Farming industry leaders are saying Prime Minister Justin Trudeau’s 30% emission reduction target for fertilizer by 2030 is unachievable and would impose “significant costs” on crop production.

On Wednesday, Fertilizer Canada and the Canola Council of Canada co-published an analysis of the Liberal climate plan for the agricultural industry. 

According to their analysis, farmers say they could squeeze a 14% reduction from their fertilizer use without impacting food supplies but 30% was not “realistically achievable without imposing significant costs on Canada’s crop producers and potentially damaging the financial health of Canada’s crop production sector.”

“I believe what (this report) is saying is the 30 per cent reduction target is not achievable without putting production and exports in jeopardy, and we’ve been saying that all along,” Alberta Wheat and Barley Commissions general manager Tom Steve told Global News. 

“It was an arbitrary target that was set somewhere in the government, with no path as to how it was going to be achieved.”

The voluntary target was first introduced by the Liberals in their 2020 climate plan and it applies to direct fertilizer application and indirect nitrogen emissions leached from crop fields. 

As exclusively reported by True North, Agriculture Canada singled out Canadian farmers as being among the worst emission offenders in the world when it comes to fertilizer use.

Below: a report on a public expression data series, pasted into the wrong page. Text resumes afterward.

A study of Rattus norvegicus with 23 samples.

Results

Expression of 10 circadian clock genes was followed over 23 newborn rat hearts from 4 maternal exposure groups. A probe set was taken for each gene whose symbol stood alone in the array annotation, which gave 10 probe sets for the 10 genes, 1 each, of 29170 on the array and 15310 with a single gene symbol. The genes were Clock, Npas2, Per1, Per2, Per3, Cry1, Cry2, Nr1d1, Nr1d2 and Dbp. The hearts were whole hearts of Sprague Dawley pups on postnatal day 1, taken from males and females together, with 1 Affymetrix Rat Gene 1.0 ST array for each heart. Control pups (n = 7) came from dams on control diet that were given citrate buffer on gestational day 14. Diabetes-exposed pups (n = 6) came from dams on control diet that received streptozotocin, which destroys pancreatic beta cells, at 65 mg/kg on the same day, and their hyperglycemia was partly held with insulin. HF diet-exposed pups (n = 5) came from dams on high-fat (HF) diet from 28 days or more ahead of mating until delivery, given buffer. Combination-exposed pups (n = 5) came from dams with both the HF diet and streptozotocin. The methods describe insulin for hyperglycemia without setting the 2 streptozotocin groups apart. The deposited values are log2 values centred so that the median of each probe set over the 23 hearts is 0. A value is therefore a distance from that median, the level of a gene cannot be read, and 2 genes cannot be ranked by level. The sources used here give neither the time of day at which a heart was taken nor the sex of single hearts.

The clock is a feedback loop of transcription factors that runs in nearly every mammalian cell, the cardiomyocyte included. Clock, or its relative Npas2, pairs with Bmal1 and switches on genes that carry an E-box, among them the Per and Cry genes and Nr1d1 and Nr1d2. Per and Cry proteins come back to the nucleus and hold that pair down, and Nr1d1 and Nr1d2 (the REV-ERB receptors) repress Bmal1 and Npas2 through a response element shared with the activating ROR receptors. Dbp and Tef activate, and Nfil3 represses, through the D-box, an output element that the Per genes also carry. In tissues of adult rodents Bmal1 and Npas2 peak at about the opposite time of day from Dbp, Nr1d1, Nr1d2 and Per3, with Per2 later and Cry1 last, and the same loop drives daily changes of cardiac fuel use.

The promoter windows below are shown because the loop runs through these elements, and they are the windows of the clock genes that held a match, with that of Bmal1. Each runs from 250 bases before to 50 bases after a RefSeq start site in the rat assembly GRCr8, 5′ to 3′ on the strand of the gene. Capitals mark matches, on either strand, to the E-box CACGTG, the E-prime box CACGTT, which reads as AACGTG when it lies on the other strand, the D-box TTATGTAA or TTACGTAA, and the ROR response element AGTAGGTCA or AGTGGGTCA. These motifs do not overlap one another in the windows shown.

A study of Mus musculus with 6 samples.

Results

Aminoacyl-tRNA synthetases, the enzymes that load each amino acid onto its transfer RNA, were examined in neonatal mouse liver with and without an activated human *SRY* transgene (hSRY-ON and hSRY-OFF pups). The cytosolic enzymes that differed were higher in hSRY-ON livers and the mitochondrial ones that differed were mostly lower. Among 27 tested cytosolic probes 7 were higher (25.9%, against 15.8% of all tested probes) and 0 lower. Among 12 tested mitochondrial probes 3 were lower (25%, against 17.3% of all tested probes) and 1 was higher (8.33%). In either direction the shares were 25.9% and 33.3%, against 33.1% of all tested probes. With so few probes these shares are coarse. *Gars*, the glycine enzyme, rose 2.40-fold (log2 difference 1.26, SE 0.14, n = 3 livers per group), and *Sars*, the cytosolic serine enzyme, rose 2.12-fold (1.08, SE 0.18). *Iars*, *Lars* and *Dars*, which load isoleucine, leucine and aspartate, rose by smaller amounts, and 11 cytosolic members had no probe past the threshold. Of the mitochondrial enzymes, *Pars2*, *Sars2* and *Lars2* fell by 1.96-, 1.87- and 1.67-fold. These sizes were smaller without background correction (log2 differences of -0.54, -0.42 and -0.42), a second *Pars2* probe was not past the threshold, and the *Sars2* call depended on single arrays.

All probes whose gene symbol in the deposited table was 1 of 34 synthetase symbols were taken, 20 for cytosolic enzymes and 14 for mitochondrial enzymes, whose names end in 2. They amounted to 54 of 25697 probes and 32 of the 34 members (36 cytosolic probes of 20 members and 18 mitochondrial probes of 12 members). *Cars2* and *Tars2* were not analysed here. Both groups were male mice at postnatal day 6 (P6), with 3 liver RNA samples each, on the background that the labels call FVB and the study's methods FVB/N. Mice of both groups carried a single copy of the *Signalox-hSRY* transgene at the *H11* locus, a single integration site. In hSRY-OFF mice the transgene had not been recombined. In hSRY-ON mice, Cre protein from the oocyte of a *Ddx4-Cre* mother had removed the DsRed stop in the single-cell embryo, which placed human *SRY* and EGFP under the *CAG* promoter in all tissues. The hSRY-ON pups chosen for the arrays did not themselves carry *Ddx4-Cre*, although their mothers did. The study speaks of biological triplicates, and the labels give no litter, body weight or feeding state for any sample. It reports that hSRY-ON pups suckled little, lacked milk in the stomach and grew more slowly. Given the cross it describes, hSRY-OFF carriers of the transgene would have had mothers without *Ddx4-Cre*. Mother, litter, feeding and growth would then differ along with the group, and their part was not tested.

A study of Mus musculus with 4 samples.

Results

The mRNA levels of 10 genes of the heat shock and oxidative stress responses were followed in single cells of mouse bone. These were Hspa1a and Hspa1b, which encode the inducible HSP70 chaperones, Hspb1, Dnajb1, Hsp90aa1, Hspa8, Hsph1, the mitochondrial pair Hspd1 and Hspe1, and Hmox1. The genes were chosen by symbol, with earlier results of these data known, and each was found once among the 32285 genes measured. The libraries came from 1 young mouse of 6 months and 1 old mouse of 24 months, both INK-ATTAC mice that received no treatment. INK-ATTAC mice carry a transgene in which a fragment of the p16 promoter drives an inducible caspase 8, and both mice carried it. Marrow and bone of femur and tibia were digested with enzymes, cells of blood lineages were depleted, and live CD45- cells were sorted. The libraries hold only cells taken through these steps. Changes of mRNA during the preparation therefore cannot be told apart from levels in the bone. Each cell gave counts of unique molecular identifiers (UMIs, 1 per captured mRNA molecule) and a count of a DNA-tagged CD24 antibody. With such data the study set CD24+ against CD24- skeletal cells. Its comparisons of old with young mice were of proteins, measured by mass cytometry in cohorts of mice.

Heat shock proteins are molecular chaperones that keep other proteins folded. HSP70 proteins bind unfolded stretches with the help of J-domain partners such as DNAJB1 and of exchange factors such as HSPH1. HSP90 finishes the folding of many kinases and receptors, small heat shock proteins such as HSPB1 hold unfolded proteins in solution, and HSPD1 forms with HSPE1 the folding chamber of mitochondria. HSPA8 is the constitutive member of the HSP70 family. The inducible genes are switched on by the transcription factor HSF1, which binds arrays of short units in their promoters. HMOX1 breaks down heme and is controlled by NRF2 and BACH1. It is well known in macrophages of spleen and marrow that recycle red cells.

“Available data show that Canadian cereal production likely has one of the highest levels of emissions intensity (amount of GHGs emitted per unit of product) amongst major exporting countries,” Agriculture Canada claims. 

“Canada’s emission intensity for cereals in 2017 is higher than those reported for the United States, the European Union and (other regions).”

An Aug. poll of farmers by the Canadian Federation of Independent Business also found that 72% of farmers said that their crop yields would plummet should they follow the Trudeau government’s approach. 

Concerns by farmers have since been labeled by Liberal Minister of Agriculture Marie-Claude Bibeau as “misinformation.” 

“It’s really taken our eye off the ball of what is needed in our industry, which is to become more efficient and productive and competitive,” Steve said. 

“Most farmers already do whatever they can to reduce their use of fertilizer – it’s their most expensive input.”